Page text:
At a recent gathering of 150 sommeliers from around the world, Japanese Sake and Shochu were the focus at a 3-day Sommelier Summit sponsored by the world’s premier culinary college, The Culinary Institute of America at Greystone (CIA), in St. Helena, California. This gathering of wine professionals is like no other, drawing renowned master sommeliers, food professionals and restauranteurs, and due to its close proximity to America’s wine capital of Napa Valley, the most respected of the nation’s winemakers.
At this year’s conference, top US wine schools presented the latest on topics never discussed among the trade, and CIA offered unparalleled tasting seminars, possible only through strong relationships with the local wine community. And each year, CIA specifies a particular region of the world for the “Master of Regions” program, for an in-depth focus. This year, it was Japan. Mutual Trading Co., Inc., in conjunction with Sake School of America, presented Taste of Japan: Sake and Shochu to packed audiences of wine professionals.
Ever since Japanese food ingredients and cooking methods have become familiar to American chefs and their Western cuisine, a growing number of in-house sommeliers are adding Sake onto the menu alongside wine. As Sake is less acidic, less astringent compared to wines, chefs are finding it necessary to list Sake on the menu for their explicit properties to offset fishy taste/aroma in seafood dishes. And from another growing group of consumers, those who lead health conscious lifestyles, Sake is being appreciated as being “cleaner & healthier” for their sulfite-free feature, prevalent in wines as a preservative additive. Sake appeal to modern-day adult drinkers: an all-natural brewed alcoholic beverage, gluten free, and vegan, which is not true for most commercially produced wines.
The supreme nature of CIA’s 2016 conference summoned an equally distinguished delegation of guest breweries from Japan, building up to an extraordinary meeting of highly talented professionals from the alcohol trade, Western and Japanese. As the brews were introduced from the north, then southward, attendees delighted at the rare chance to taste and compare the super-premium Sake based on regions, along with learning about Sake rice, terroir, and the unique brewing process. Of particular mention, Shochu received keen attention as attendees absorbed the true form of traditional Japanese Shochu making, and were blown away at the exquisite aroma and flavor rising from the single distilled Shochu.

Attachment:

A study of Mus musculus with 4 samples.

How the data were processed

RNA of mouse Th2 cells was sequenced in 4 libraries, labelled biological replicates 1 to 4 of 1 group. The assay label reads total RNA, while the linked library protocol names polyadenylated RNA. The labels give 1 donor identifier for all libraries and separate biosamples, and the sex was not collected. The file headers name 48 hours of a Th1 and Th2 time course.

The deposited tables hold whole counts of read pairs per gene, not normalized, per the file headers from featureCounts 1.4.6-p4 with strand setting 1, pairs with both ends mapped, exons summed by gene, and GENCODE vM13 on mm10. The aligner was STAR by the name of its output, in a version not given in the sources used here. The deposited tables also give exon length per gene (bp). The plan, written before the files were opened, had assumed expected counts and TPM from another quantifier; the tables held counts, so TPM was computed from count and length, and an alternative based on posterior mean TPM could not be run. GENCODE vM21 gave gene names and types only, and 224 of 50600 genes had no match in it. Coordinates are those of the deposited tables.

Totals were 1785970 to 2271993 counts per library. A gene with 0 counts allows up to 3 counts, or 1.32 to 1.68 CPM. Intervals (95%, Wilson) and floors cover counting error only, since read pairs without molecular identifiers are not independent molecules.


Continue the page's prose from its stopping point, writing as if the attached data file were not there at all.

Representatives from Hakkai Jyozo (Hakkaisan), Katokichibee Shoten (Born), Takara Sake USA (ShoChikuBai), Honda Shoten (Tatsuriki), Asahi Shuzo (Dassai) and Sanwa Shurui (iichiko) participated in the summit discussions and poured their own brands. Other brands included Nanbu Bijin (Nanbubijin), Kikusui Shuzo (Kikusui), and Asahi Shuzo (Kubota).
As Sake and Shochu continue to grow in familiarity among the Japanese foodservice trade and their consumer base, there’s still a vast population of American wine drinkers yet to discover the enjoyment of Sake and Shochu. As more Japanese brewers challenge themselves to enter professional wine conference circles, it’s heartening to know that there’s yet another level of growth opportunity for the Japanese alcoholic industry outside of Japan.